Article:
Tuesday, January 15, 2008

Family Time

My niece is getting married on March 15. Shortly after they set the date, she called me and asked me to be her photographer. I was flattered, intrigued by the challenge, and a little nervous. And I said yes.

I don't do portrait photography. I don't generally photograph people. The largest body of my work is animals, landscapes and a little bit of abstract thrown in for good measure. But my niece asked me because she knew I liked photography, thought I would enjoy it, and saw a few advantages in having a family member shoot the wedding.

The first thing I did was join a few photography forums on Yahoo and start scouring the internet for tips and information. I posted my questions to the forums and downloaded information and shot lists from the web sites. I received a variety of information telling me I would enjoy it, I would hate it, it shouldn't be a problem, I didn't need any fancy equipment, it's too much work, and one who told me to do myself a favor and hire a professional for them as a wedding gift. While this last was a good thought, it was out of my price range.

Once I had gathered this mass of data, life got in the way - as it often will - and I had to put it aside for a while. This weekend I bought a book on posing techniques (my real weak spot in portrait photography) and started reading it. As I got into the book, I started gaining confidence that I would be able to actually pull this off. Mind you, posing is one of those talents that takes a short time to learn and a long time to master - I had no illusions about that - but with my current level of photographic knowledge, I could probably do a right fair job of it.

Then I started looking at the shot lists. Some were simple, others were detailed. I began work on combining them all into my own list with the basics (i.e. the kiss, bride and mother, groom and father, etc.) and the cool-but-not-on-everyone's-list shots (i.e. bride looking out window). As I got to the ceremony shots, I realized something quite profound. Two somethings, really. First, there are a LOT of pictures that get taken at a wedding - this was going to be real work. Second, in order to get some of the shots, I would either have to be two places at once, moving around a lot (a potential distraction), relying on the good graces of one of my photographically inclined friends to assist me, or having to decide between one shot or the other. That's when I decided to call my niece.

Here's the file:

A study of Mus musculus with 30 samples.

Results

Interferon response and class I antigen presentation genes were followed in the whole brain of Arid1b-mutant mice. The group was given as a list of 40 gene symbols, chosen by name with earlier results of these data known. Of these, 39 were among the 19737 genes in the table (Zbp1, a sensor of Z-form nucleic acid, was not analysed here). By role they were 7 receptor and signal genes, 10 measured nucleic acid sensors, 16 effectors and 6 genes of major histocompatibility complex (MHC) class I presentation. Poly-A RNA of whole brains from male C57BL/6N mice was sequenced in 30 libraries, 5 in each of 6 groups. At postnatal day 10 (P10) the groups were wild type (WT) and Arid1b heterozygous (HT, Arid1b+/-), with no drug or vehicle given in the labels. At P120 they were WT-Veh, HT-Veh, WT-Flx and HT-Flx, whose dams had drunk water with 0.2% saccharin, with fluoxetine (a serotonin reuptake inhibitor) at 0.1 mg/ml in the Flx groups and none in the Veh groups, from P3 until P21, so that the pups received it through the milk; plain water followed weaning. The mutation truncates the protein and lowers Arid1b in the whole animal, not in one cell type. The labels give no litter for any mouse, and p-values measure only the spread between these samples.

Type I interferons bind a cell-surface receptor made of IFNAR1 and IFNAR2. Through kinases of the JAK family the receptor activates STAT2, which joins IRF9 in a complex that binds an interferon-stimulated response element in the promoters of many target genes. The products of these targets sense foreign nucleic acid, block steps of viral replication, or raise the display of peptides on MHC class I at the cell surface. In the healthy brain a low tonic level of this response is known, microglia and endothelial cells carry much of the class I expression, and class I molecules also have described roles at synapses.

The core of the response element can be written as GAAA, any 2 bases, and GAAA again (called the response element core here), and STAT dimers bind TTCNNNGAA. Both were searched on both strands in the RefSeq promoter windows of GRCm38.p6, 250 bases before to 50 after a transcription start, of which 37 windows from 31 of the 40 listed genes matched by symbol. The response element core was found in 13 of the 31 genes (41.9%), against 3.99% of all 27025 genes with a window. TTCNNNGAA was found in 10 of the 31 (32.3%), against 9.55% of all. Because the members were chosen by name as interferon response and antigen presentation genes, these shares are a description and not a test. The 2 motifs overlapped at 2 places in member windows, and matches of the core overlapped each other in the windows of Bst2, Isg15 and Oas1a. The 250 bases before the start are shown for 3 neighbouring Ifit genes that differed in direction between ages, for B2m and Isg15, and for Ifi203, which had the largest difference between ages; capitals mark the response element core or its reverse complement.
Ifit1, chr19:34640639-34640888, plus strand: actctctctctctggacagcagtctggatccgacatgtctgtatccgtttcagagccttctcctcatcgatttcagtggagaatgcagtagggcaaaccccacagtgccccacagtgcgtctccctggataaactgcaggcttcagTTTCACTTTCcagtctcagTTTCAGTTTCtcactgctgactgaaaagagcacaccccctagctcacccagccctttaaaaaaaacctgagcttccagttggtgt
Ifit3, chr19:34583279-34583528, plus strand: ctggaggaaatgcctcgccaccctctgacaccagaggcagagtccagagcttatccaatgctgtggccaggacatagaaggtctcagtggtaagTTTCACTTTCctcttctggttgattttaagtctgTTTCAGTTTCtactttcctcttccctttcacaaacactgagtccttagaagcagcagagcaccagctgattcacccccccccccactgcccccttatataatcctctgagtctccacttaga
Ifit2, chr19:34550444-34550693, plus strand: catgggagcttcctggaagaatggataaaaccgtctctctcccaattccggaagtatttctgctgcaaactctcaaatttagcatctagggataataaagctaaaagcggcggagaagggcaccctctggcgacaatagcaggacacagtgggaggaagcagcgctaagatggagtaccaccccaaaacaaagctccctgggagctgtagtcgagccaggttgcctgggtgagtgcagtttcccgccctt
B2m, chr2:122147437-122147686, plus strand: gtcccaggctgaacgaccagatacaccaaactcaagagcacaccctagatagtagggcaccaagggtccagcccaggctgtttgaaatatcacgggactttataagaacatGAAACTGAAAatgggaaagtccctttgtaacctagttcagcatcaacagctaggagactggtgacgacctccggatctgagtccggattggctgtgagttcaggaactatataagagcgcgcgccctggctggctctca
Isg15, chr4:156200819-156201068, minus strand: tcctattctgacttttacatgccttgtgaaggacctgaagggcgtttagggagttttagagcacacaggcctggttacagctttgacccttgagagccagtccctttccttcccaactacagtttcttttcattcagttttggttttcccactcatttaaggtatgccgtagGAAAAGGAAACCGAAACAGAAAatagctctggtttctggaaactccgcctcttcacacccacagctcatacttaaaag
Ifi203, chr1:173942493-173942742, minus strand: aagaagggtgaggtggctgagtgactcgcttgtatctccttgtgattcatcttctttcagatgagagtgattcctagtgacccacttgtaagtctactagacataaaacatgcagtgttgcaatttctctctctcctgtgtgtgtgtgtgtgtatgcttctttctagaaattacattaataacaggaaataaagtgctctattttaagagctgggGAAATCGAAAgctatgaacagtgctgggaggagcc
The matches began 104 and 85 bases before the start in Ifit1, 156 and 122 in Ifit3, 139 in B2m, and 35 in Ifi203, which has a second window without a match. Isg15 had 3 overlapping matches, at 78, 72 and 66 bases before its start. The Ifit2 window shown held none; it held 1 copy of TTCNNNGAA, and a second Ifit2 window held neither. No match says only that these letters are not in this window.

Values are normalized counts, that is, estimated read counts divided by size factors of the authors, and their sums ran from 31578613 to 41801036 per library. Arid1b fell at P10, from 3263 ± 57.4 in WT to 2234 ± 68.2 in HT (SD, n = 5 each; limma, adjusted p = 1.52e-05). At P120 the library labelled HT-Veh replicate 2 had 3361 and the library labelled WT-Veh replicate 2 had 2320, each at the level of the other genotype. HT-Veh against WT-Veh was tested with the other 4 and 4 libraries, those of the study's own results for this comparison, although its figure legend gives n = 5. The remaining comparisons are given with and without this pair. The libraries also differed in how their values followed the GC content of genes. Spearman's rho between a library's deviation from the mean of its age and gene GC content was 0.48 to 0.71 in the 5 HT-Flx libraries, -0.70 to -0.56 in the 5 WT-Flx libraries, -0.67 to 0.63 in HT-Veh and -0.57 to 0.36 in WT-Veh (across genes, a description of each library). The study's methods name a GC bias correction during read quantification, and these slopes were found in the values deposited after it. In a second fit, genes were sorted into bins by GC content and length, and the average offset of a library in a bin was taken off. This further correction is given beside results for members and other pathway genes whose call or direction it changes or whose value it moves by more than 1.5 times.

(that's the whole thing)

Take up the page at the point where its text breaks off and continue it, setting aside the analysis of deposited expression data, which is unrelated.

You see, I realized that if I were going to do the photography portion of the wedding any justice at all, I was going to have to recuse myself from being an attendee. That meant that I would be missing out on time with my family, meeting the groom's family, actually enjoying the ceremony itself, and quite possibly wedding cake (which concerned me most). So this evening I called my niece and discussed the situation with her. It turns out, she had been talking with her dad, my brother, about the situation and had come to some of the same conclusions as well as a realization I now shared - If I'm taking all of the pictures, I'm not going to be IN any of the pictures.

With that, we agreed that it would be better for me to attend the wedding rather than work the wedding. Given that the ceremony is exactly two months away, I intend to keep studying technique (if for nothing else so that I can understand what the photographer is doing and take some mental notes) and I told my niece that if it was too short notice for her to find a photographer or something else went completely pear shaped, I would still be ready and willing.